Back From The Psychiatrist

And thus begins the new treatment regimen with Venlafaxine (Effexor), starting tomorrow.

Everything went well; I was a little nervous first and not particularly in the mood for dealing with a stranger, but the psychiatrist turned out nice. He asked: “What leads you here?” I told him that I was in therapy for chronic  depression for two years and generally was really satisfied with it, but couldn’t get a handle on some symptoms like concentration problems and energy, and wanted to see what medication could do for me in that regard. He knows my therapist and has a superficial idea of the CBASP programme I’m in, and I guess that was enough credit to not let me do all the lab tests and ECG again. I also gave him permission to send reports to my general physician.
I recounted a brief history of symptoms and the treatment I received so far: First depressive episode at 12, second at 16 (this time with suicidal ideation), since the age of 19 / 20 only oscillating between different stages of major depression; panic attacks at 30, treated with citalopram, then therapy; therapy major success, but then the start of a slow decline. The psychiatrist asked about living situation, family, family history of depression, school education, what I am studying. Whether I smoke, drink, ever did drugs, take any kinds of medications.
He performed some tests on my cognitive capacities, because I had complained about them:
– “Spell the word ‘radio’ backwards.”
– “What’s the difference between a river and a lake?”
– “What’s the difference between a ladder and stairs?”
He had me memorize the words “street, traffic lights, flower” and asked whether I remembered those in between other questions, and had me do a chain of mathematical exercises: 100 – 7, then subtracting 7 from the result again, and again, and again. I scored 100% and obviously am not demented.
Some questions on differential diagnoses: do I see or hear things nobody else sees or hears, do my thoughts race, do I think I am being watched or that people talk about me behind my back, etc.?
The most difficult question actually was, “How do you feel these days?” I honestly had to think about that, and answered, “On average days, I feel subdued. Pessimistic.” I told him about the insomnia, problems falling asleep and the stomach aches, that I like to withdraw from people, worry a lot and occasionally get anxiety attacks because of the worrying.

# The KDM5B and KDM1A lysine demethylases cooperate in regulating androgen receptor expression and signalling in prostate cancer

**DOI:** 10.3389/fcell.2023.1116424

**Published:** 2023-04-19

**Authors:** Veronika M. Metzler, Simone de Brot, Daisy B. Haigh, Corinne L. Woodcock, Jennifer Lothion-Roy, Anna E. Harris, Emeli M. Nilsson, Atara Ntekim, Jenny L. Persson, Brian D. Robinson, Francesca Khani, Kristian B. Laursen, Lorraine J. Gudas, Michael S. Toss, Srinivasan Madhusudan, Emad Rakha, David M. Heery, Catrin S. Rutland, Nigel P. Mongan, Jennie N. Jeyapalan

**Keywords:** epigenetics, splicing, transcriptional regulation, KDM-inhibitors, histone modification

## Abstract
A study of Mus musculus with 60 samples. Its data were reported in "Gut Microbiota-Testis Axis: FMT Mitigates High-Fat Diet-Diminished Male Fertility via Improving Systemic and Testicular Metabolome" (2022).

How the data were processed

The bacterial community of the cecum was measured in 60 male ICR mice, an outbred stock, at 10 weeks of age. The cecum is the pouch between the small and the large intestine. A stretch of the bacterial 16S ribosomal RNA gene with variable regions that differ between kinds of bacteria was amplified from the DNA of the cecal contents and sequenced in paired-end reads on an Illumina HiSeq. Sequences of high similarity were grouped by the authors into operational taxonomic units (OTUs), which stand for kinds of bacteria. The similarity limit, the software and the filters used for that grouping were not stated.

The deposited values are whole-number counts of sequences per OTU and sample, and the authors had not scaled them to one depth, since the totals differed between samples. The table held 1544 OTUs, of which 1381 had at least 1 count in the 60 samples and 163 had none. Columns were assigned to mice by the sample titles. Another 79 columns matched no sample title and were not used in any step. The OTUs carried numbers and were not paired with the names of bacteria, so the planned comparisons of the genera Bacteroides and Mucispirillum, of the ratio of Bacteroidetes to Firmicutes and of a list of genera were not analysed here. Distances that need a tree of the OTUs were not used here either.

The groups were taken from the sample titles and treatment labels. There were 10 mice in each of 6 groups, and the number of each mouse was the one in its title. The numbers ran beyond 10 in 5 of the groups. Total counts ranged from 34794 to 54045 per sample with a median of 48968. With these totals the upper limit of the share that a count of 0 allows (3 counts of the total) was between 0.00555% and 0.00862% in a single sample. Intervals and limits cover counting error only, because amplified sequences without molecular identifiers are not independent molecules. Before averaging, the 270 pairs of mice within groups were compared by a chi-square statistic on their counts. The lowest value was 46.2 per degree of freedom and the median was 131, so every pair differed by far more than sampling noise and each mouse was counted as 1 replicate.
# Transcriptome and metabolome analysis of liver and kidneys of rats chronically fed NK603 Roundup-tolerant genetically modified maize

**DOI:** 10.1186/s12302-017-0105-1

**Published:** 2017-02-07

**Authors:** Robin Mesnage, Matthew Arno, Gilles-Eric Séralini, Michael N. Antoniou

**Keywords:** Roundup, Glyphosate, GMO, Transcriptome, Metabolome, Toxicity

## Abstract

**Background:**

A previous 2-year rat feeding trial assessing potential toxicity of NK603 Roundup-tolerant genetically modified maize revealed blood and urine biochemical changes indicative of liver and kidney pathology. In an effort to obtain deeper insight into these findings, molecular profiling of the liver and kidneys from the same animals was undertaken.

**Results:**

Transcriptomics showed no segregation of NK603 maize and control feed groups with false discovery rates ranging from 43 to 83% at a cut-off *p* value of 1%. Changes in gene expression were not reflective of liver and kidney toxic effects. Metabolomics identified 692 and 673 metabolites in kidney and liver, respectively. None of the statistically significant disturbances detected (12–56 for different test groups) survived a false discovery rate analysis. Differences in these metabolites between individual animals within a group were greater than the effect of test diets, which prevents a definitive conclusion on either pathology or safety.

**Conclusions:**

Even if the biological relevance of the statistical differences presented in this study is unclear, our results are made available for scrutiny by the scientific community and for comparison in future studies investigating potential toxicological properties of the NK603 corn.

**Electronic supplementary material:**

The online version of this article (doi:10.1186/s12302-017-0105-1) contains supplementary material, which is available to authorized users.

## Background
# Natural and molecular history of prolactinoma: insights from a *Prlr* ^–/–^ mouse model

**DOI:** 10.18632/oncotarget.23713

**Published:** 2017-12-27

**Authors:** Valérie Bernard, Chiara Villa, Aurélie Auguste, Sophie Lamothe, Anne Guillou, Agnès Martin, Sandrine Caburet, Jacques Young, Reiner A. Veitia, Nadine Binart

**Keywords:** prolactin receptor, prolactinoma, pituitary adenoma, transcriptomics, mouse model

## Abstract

All of that took about half an hour, then he proposed that due to my previous experiences with SSRI in the form of citalopram, I should try out what an SNRI does for me. He explained that SNRI give most people more energy, explained possible side-effects and finally gave me a prescription for venlafaxine. Unless I experience really bad side-effects, I’ll see him again in four weeks.

Edited to add: Yikes, maybe I shouldn’t have googled venlafaxine / effexor, because the results sound pretty bad… “The antidepressant everyone loathes to have taken.” Sounds like I am in for a bumpy ride…


  1. From my experience with Effexor, you probably will have some side effects, but hopefully they will go away after a week or so. The effects I can remember include some light-headed sensation, odd auditory hallucinations, and being slightly manic at times, but of course everyone is different. Good luck with the new meds.

    1. Thanks for the comment – that doesn’t sound too bad. I decided that it’s better to not google and read 20,000 different accounts of what could possibly happen or not, but just take the side-effects as they come and see how I can deal with them.

  2. Mara

    Everyone is different. I had to tried a few meds before discovering that Effexor was the right one and it took some time to find the right dose. I think I did have some side effects to start, but they have long faded from memory. I do feel a little woozy if I miss a dose, but when I weigh that against life without Effexor, it is definitely worth it. Effexor has been nothing short of a life saver for me, but effectively treating my chronic depression did take some work of going back to my doctor explaining which symptoms were helped and which I was still worried about along the way. And therapy as well. There are options, and I hope you find a really good one for you!

    1. That sounds hopeful! I was in the process of replying to your comment this morning when the side effects hit me hard… but thank you for commenting, I hope it gets better soon!